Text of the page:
Artist: Utagawa Kuniyoshi (歌川国芳)

Print: Minamoto Yorimasa (源三位頼政 - here Genzanmi Yorimasa) on the left has shot the nue (鵺) - Ii no Hayata Hironao (猪早太廣直) in the center is about to finish it off. On the right panel is Watanabe Tadashi? (渡邉丁七唱)

Dimensions: 30.75 in,14.25 in,Overall dimensions
Medium: color woodblock print

Signed: Ichiyūsai Kuniyoshi ga
Publisher: Yamamotoya Heikichi (Marks 595 - 04-007)
Censor's seal: kiwame

Related links: British Museum - links to all three panels; Database of Folklore Illustrations;

Physical description:

In the original account the nue was not visible in the dark cloud that hovered over the Imperial palace, the Shishinden (紫宸殿). The "Sovereign Konoe is haunted every evening: when "black clouds would come from the direction of the Higashisanjo woods to hover over the... palace, he would be thrown into a panic." " It was a matter of hit or miss, but Yorimasa is said to have prayed to Hachiman, the god of war, for help and, sure enough, he hit the monster on his first try. If he had missed he was going to shoot an arrow at the Middle Counselor Masayori, who had convinced the Emperor to give Yorimasa this task. It was one thing for warriors to protect the Emperor by scaring away enemies, as Yosiie had done for Horikawa in the past, and it was another thing for a warrior to try and kill an invisible monster.

In recognition of his success the Emperor bestows the Lion King (Shishiō - 獅子王) sword on Yorimasa.


There are four other prints in the Lyon Collection which deal with the theme of Yorimasa's slaying of the nue: #584 by Shunshi; #567 by Hokushū; #909 by Kuniyoshi; and #1170 by Ashiyuki.


The story of the slaying of the nue appears in Book 4, Section 15 - 'The Nightbird' - of The Tale of Heike. The emperor has been disturbed by nightmares and it was thought that these must have a physical manifestation. So, Yorimasa is called in to slay the monster which is causing these nightly disturbances. Below is the translation provided by Royall Tyler:

At the hour foreseen for His Majesty's torment, a black cloud moved, as those who knew said it would, from toward the grove at Tōsanjō, then settled over where the emperor lay. Yorimasa, glancing up sharply, saw iin it a strange shape. He knew he was finished if he missed.

Nonetheless he took an arrow,
fitted it carefully to the string,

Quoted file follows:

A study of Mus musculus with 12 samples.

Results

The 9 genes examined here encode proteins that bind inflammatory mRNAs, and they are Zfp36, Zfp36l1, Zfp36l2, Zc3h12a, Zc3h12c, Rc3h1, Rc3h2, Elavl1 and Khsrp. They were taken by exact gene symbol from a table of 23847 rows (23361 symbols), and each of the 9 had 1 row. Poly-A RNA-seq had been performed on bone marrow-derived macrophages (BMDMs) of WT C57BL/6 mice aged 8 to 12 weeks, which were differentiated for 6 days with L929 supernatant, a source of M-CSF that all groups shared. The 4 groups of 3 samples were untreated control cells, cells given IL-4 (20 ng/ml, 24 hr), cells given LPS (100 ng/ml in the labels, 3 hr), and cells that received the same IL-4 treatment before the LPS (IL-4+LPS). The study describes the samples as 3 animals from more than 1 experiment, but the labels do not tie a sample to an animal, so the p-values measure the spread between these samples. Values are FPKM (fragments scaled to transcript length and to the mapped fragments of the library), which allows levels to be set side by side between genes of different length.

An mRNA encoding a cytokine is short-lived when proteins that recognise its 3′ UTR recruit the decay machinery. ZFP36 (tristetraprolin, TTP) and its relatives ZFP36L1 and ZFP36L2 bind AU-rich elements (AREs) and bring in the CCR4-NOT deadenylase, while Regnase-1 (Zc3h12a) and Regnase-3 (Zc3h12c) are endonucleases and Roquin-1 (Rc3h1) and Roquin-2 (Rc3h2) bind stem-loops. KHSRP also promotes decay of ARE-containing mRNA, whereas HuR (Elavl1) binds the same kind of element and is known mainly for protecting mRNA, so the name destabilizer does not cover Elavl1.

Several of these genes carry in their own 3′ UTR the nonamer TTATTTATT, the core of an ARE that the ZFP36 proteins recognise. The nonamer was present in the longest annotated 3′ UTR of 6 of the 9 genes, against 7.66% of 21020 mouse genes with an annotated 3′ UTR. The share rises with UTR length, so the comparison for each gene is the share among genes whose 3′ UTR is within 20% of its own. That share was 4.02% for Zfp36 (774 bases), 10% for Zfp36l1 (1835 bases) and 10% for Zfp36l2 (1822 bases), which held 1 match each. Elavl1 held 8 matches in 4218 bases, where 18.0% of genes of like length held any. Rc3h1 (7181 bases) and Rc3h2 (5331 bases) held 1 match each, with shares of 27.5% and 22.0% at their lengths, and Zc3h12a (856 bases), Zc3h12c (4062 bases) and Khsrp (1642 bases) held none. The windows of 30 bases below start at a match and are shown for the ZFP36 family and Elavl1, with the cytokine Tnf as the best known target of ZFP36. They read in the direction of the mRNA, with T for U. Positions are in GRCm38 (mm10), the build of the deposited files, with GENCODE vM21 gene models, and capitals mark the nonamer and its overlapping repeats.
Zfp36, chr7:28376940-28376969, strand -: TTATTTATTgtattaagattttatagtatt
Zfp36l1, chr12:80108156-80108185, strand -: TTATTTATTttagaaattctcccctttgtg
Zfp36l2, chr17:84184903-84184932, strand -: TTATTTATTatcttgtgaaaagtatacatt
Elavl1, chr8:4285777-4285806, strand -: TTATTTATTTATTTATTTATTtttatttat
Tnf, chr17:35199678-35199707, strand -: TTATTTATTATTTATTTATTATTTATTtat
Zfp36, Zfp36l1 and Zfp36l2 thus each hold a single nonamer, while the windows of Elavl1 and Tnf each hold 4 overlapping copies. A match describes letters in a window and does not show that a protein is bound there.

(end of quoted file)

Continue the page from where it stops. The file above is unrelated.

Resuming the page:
called in the secret depths of his heart,
"Hail, Great Bodhisattva Hachiman!,"
drew to the full, and let fly.
He had a hit; his arm felt it.
"Got him!" He gave the archer's yell.
I no Hayata swiftly approached,
found where the thing had fallen,
and ran it through nine times with his sword
Everyone there brought up light
for a good look at whatever it was:
a monkey's head, a badger's body,
a snake's tail, the limbs of a tiger,
and a cry like that of a thrush.
"Frightening" is hardly the word.


Nue can also be translated as 'night thrush'. It is described as having "a monkey's head, a tanuki's body, a snake's tail, a tiger's legs and a cry like that of a golden mountain thrush. "The name for the beast comes from its call - nue originally refers to a thrush with a particularly eerie song." (Oyler, 'The Nue and Other Monsters in the Heike Monogatari, Havard Journal of Asiatic Studies, vol. 68, #2, December, 2008, p. 2.)

"The various creatures that compose the nue convey geomantic and divinatory meanings. The monkey, snake, and tiger demarcate quarter positions on the zodiac corresponding to the directions of west-southwest, south-southeast, and east-northeast, respectively, and to the corresponding hours yū nanatsu 夕七つ, asa yotsu 朝四つ, and akastuki nanatsu 朝七つ. Through the body of the shape-shifting tanuki these representatives of discrete spaces and times were conjoined, resulting in an unexpected reification of a geomantic configuration that medieval audiences would undoubtedly recognize as odd. The creature's very unnaturalness evoked fear and horror after it had been felled. (Ibid., p. 3)

There are two Nō plays dealing with these figures: one is Nue and the other is Yorimasa.


Illustrated in:

1) Ukiyo-e dai musha-e ten - 浮世絵大武者絵展 - (The Samurai World in Ukiyo-e), edited by Yuriko Iwakiri, Machida City Museum of Graphic Arts, 2003, #186, p. 64. [This example is in the Nagoya City Museum.]

2) in 原色浮世絵大百科事典 (Genshoku Ukiyoe Daihyakka Jiten), vol. 4, p. 57.

3) a black and white reproduction in Kuniyoshi: The Warrior Prints by B.W. Robinson, Cornell University Press, 1982, pl. 35, T7. B. W. Robinson in his book Kuniyoshi published in 1961 gives the dates for this triptych as ca. 1820-25.


There is another copy of this triptych in the National Museums of Scotland.